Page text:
The Best Bar None: Cabinet Redo

Home searches are hard.  I am never going to sugar coat that.  When I was 21, still in college, and on a teeny-tiny budget, I decided I was going to buy my first house.  My mom, as you all know, is one of the best realtors in South Carolina and originally wanted me to take a look at this 800 square foot condo.  I refused, mainly because 800 square feet sounded so small compared to the 1200-1500 square footers I was really in the market to see.  Well, those bigger houses came with bigger problems, a higher mortgage payment, and in areas that were way outside of where I wanted to be.

So, as a last ditch attempt, mom brought to her original pick. I was kicking and screaming…okay, maybe not kicking and screaming but a good bit of harrumphing was to be had by all (including mom, she was getting frustrated with my high expectations).  We pulled up in front of the condo that is now lovingly dubbed The Treehouse, and as soon as we stepped into the living room, I fell in love with the wet bar that was already set up. It was like this condo was made for me and my wine-o tendencies.

Before

After purchasing the house, I fully intended to revamp this beauty and bring it out of the ’80’s, along with the bathroom and the mirror in the kitchen. Along the way, other projects took precedence and my poor little bar, the real reason I bought The Treehouse in the first place was neglected.  Fast forward three years, and I decided to finally get to it and revamp it.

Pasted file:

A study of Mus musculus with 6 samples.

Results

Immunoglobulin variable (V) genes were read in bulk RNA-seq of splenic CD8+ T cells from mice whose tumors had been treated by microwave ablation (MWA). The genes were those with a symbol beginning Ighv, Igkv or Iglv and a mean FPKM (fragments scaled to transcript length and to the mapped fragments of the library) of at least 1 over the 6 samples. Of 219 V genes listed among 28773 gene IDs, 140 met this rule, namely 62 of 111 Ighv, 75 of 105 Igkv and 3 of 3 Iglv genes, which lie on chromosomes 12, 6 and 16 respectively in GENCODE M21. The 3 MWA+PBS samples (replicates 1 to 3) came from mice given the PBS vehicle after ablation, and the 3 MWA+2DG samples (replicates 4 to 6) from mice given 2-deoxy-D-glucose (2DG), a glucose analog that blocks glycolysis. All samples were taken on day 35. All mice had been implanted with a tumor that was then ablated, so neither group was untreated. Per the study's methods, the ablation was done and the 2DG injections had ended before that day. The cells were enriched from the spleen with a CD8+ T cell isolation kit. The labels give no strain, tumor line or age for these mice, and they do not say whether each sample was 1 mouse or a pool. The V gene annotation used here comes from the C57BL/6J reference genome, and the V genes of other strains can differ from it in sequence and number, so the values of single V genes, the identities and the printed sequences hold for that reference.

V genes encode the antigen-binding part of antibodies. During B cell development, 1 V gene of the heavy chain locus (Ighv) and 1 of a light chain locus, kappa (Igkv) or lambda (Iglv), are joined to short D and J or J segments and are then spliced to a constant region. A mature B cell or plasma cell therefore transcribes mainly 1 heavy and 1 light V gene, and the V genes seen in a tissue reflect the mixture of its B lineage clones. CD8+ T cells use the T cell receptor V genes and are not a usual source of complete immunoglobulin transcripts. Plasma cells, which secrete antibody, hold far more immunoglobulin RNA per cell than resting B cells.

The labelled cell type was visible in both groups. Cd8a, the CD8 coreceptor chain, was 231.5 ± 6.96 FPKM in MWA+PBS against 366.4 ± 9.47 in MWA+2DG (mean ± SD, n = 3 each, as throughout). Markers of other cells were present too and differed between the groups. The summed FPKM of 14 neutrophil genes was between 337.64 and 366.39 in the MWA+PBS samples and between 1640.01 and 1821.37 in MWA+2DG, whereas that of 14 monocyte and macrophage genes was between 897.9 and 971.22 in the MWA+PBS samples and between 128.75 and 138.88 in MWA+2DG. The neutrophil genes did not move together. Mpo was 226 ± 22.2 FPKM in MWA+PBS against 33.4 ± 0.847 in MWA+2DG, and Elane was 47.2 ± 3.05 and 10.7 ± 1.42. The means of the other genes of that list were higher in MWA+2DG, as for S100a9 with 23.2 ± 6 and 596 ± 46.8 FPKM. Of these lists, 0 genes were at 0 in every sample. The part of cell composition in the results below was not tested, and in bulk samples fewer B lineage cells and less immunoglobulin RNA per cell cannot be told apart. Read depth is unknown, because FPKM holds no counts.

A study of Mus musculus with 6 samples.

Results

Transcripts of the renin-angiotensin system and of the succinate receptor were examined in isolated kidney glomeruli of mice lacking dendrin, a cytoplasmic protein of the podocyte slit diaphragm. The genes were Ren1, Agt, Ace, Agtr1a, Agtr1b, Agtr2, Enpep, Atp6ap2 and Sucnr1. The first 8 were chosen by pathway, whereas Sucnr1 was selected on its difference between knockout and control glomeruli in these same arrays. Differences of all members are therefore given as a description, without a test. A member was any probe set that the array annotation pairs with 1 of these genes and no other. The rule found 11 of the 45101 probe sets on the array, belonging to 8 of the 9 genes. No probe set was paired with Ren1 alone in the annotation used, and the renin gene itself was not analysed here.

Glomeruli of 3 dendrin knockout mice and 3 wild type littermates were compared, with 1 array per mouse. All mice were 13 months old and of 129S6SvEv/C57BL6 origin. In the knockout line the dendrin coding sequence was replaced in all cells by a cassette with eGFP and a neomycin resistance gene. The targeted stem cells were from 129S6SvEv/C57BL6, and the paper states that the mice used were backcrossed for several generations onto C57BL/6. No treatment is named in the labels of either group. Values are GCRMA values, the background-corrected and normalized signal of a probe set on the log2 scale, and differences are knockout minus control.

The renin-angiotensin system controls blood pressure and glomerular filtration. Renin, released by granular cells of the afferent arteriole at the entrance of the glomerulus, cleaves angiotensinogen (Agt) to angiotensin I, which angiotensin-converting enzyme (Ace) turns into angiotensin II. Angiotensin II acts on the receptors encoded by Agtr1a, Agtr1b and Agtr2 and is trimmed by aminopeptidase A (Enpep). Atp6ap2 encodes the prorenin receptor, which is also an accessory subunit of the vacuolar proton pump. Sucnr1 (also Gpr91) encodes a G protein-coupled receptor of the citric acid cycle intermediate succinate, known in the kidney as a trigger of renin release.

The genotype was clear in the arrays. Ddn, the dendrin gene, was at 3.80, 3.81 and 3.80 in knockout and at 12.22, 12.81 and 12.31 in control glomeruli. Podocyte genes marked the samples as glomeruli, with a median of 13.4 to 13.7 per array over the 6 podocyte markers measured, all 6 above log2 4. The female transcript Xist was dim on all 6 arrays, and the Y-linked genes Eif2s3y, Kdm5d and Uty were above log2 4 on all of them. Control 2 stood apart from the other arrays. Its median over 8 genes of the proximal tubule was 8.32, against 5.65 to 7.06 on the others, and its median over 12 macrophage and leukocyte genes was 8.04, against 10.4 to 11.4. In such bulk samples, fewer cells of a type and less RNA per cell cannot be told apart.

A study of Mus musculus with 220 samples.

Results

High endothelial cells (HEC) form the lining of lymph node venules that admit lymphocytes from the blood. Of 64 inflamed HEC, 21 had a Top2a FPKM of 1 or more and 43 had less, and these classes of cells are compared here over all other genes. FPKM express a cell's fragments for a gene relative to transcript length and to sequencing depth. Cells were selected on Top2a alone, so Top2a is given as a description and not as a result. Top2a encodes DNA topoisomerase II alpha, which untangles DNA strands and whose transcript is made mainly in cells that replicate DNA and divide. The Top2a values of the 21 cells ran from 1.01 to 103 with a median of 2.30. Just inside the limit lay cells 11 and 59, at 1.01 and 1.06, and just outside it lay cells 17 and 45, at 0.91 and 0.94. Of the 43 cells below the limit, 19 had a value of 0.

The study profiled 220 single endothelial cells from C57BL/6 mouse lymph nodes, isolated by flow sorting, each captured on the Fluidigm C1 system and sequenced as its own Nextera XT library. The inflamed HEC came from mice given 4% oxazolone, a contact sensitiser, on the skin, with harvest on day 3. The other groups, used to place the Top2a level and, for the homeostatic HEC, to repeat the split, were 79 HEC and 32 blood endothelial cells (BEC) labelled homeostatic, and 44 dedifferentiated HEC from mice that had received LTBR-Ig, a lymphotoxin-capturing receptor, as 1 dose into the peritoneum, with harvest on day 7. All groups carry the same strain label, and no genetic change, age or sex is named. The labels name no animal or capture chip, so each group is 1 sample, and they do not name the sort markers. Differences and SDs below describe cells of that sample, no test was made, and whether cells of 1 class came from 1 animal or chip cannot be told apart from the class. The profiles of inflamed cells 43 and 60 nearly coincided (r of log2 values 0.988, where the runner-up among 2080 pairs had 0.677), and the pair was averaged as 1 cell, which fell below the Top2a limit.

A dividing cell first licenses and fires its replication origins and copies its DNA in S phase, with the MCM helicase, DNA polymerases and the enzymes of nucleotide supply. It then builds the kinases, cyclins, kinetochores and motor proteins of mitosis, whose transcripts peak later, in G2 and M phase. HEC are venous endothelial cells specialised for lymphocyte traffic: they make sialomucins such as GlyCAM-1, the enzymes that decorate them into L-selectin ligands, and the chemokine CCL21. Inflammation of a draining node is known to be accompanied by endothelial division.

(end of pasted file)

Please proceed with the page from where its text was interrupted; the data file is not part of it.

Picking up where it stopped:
I am not going to go into full details on sanding and priming, the basic instructions and tools…those can be found here. But I will talk about the process with the cabinets themselves.

Step 1: Take all the doors and drawers out, wipe them down with a wet cloth, sand them, and wipe off any residue with a dry cloth.

Step 2: Prime, dry, and then flip the cabinet over to prime and dry again.

Step 3: While all this is going on, be sure to prime, dry, and paint the drawers as well as the cabinet itself.  For this, I used two thin coats of paint that I had leftover from my kitchen cabinet painting.

Step 4: Follow suit with the doors.  Make sure everything stays smooth, be stingy with the paint.  You don’t want to overdo it and get an uneven texture.

Step 5: If the mood takes you, you can also change out the cabinet hardware for an inexpensive upgrade. I went by Home Depot and picked up some great drawer pulls for next to nothing.

Courtesy of The Home Depot
Liberty New Traditional Cabinet Hardware-$2.49 a knob

Courtesy of The Home Depot
French Romantics New Traditional Cabinet Hardware Pull- $3.48 a pull

And voila! You have a brand-spanking new cabinet for the fraction of the price!

Project Time:5 hours

Project Cost:  Paint and Primer FREE

Drawer Knobs and Pulls $11.94

Have a great furniture refurbish you want to share?  Have any questions? Want to share what you did with your little slice of Heaven called glorious fall weather this weekend? I want to hear about it!